The Gate of Dawn - History and Facts | History Hit

The Gate of Dawn

Vilnius, Vilnius County, Lithuania

The Gate of Dawn is the last of Vilnius’ sixteenth century city gates to have survived.

Peta Stamper

31 May 2021
Image Credit: Shutterstock

About The Gate of Dawn

The Gate of Dawn, translated as Aušros Vartai, was originally one of 9 city gates that guarded the city of Vilnius in Lithuania as part of its 16th century city wall. Today, the Gate of Dawn is the only surviving city gate – the other eight having been destroyed by the Russians in the 18th century – and is one of the city’s most important cultural monuments.

Like many such gates the Gate of Dawn houses a chapel, however, it is the icon of The Blessed Virgin Mary housed in the chapel of this particular gate which makes it unique.

Known by some as the Vilnius Madonna, this painting is revered by members of the Orthodox and Roman Catholic faiths, many believing it was the chapel of the Gate of Dawn that spared it from destruction.

The Gate of Dawn history

The Gate of Dawn was built between 1503 and 1522 as part of Vilnius’ defensive fortifications. The gate was the city’s tallest, and was located at the weakest point in the fortifications to ward off attack.

In 1799, the Russians destroyed much of the Vilnius wall including all of its gates but one – the Gate of Dawn. Locals believed the Russians spared the gate as the house of the blessed painting of the Virgin Mary. There is no clear history of when the painting appeared in Vilnius, although research in 1927 found it to be of 16th century Italian origins.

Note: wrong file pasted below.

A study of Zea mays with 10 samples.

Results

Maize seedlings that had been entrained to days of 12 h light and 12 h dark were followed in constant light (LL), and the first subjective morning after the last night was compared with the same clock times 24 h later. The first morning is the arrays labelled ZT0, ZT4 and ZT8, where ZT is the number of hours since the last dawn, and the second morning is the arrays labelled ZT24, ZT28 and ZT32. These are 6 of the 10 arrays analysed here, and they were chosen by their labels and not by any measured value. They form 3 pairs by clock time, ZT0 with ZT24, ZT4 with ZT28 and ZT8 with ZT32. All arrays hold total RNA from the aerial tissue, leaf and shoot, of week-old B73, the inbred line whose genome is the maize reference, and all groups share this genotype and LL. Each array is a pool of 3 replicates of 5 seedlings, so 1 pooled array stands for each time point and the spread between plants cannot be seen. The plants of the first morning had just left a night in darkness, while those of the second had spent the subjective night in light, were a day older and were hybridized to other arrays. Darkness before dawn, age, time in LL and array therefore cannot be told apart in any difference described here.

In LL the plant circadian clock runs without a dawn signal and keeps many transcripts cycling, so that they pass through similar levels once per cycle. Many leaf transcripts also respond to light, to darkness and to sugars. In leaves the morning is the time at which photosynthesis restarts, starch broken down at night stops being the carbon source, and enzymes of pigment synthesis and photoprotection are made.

The gate’s appearance and name changed many times over the centuries: first known as the Medininkai Gate, later the Sharp Gate. Its current name likely stems from the painting, as Mary is figuratively linked to dawn.

The Gate of Dawn today

Today, the late classical-style gate continues to stand at the entrance to the Old Town, guarding the precious painting inside. The chapel, directly above the gate’s arch, similarly continues to operate as a place of worship, with 8 annual feast days held there, as well as group prayers for the city, Mass and confession.

You can climb the staircase to the chapel (please bear in mind photography is not allowed during services) before wandering through the church at the bottom afterwards. Walking through the Gate of Dawn is undoubtedly a great place to start any trip of historic Vilnius.

Getting to The Gate of Dawn

You can reach the Gate of Dawn on one of the city’s hop-on-hop-off buses, otherwise, buses 11, 13, 31, 34 and 74 all stop at Aušros vartai in front of the gate. From Vilnius Train Station, which links to all major railways in Lithuania, the Gate of Dawn is only a 10 minute walk.